Sylvie Fleury
Shoplifters from Venus

3 June – 20 August 2023 | Beim Stadthaus

Sylvie Fleury
Walking on Carl Andre, 1997
Kunst Museum Winterthur, purchase with funds from the Heinz Toggenburger donation, 2019

When the venerable halls of an art museum are transformed into a fashion show, then Sylvie Fleury is in attendance. For the first time in 15 years, the Kunst Museum Winterthur is presenting a comprehensive solo exhibition of Switzerland’s most important female artist. Alongside iconic early works, new works realised especially for the exhibition will be on show. 

Shoplifters from Venus, the seductive title of the summer exhibition at the Kunst Museum Winterthur, refers to an act of theft on the one hand, and on the other to the thief’s place of origin, Venus, both planet and Roman goddess of love. The title almost programmatically summarises the strategy of the artist Sylvie Fleury, born in Geneva in 1961, in that she literally steals the pictorial inventions of modernism in order to question them from a decidedly feminist perspective and reinterpret them in terms of content: “I don’t see my work as appropriation. I see it more as personalisation.” (Sylvie Fleury)

For around 25 years, the Geneva-based artist Sylvie Fleury has been playing ironically with gender clichés and stereotypes of consumer society. She became famous for her sophisticated stagings of glamour, fashion and lifestyle: her shopping bags caused a stir in the 1990s. Each of the bags, many of them from internationally renowned fashion labels, contained the object the artist had purchased with it. Combining art and commerce so uninhibitedly seemed disreputable at the time. Even more irritating was the fact that an artist devoted herself to the almost obsessive purchase of luxury goods, seemingly uncritically indulging in glamour and lifestyle. Meanwhile, the exchange between valorised archival culture and profane space has a long tradition in the visual arts since Marcel Duchamp.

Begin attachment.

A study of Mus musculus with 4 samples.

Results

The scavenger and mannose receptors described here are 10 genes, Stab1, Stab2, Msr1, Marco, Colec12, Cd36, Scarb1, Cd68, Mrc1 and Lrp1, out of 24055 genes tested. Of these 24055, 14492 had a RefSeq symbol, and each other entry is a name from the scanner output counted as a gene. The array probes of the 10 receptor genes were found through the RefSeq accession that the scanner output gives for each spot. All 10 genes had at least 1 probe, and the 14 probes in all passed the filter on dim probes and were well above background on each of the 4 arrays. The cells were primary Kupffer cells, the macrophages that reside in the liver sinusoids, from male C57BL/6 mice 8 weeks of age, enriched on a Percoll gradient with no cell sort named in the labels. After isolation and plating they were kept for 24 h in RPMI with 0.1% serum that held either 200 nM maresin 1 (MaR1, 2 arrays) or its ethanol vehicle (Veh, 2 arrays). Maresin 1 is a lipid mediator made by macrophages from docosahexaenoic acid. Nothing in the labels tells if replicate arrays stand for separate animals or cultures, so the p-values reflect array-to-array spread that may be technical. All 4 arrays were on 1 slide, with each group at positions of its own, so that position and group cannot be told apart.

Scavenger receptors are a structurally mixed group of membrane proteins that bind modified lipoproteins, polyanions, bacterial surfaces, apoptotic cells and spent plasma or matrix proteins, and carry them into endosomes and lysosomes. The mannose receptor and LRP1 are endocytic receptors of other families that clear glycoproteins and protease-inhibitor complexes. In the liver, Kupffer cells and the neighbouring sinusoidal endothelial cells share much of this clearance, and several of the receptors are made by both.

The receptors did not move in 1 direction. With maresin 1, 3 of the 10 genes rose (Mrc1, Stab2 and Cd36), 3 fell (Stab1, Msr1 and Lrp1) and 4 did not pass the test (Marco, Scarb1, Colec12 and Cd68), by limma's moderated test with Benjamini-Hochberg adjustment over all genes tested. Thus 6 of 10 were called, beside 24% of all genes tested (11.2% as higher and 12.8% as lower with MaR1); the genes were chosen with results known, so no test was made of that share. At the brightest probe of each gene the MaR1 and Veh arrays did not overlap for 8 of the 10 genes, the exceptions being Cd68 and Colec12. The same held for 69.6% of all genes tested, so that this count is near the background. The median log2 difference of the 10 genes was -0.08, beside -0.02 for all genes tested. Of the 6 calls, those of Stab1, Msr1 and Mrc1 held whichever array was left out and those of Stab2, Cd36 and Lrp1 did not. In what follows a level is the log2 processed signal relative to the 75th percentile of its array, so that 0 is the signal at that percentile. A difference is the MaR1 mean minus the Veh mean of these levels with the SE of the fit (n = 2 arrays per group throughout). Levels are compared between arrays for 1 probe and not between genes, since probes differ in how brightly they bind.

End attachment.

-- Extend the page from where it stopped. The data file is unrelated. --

Sylvie Fleury consistently combines this tradition with the deconstruction of over-delivered gender clichés – and does so as ironically as she does with relish, for example, when she has models in high heels strut across Carl Andre’s floor plates. The historical context of Shoplifters from Venus at the Kunst Museum Winterthur becomes particularly obvious in its reference to the important holdings of classical modernism and American post-war art. In Sylvie Fleury’s artistic practice, which encompasses sculpture, performance, installation and painting, she employs strategies that are also associated in particular with early Conceptualism, Pop Art and Minimalism and open up a critical view of the largely male-dominated history of art.

Sylvie Fleury’s work has been widely recognised internationally since her first institutional solo exhibition at the Migros Museum in Zurich in 1998. Numerous solo exhibitions followed, including in 2001 at the Centre for Art and Media (ZKM) in Karlsruhe and at Le Magasin – Centre national d’art contemporain, Grenoble, in 2007 at the Schinkel Pavillon, Berlin, in 2008 at the Musée d’art moderne et contemporain (MAMCO) in Geneva, and in 2016 at the Villa Stuck, Munich. In 2018, the artist was awarded the Swiss Grand Prix Art / Prix Meret Oppenheim.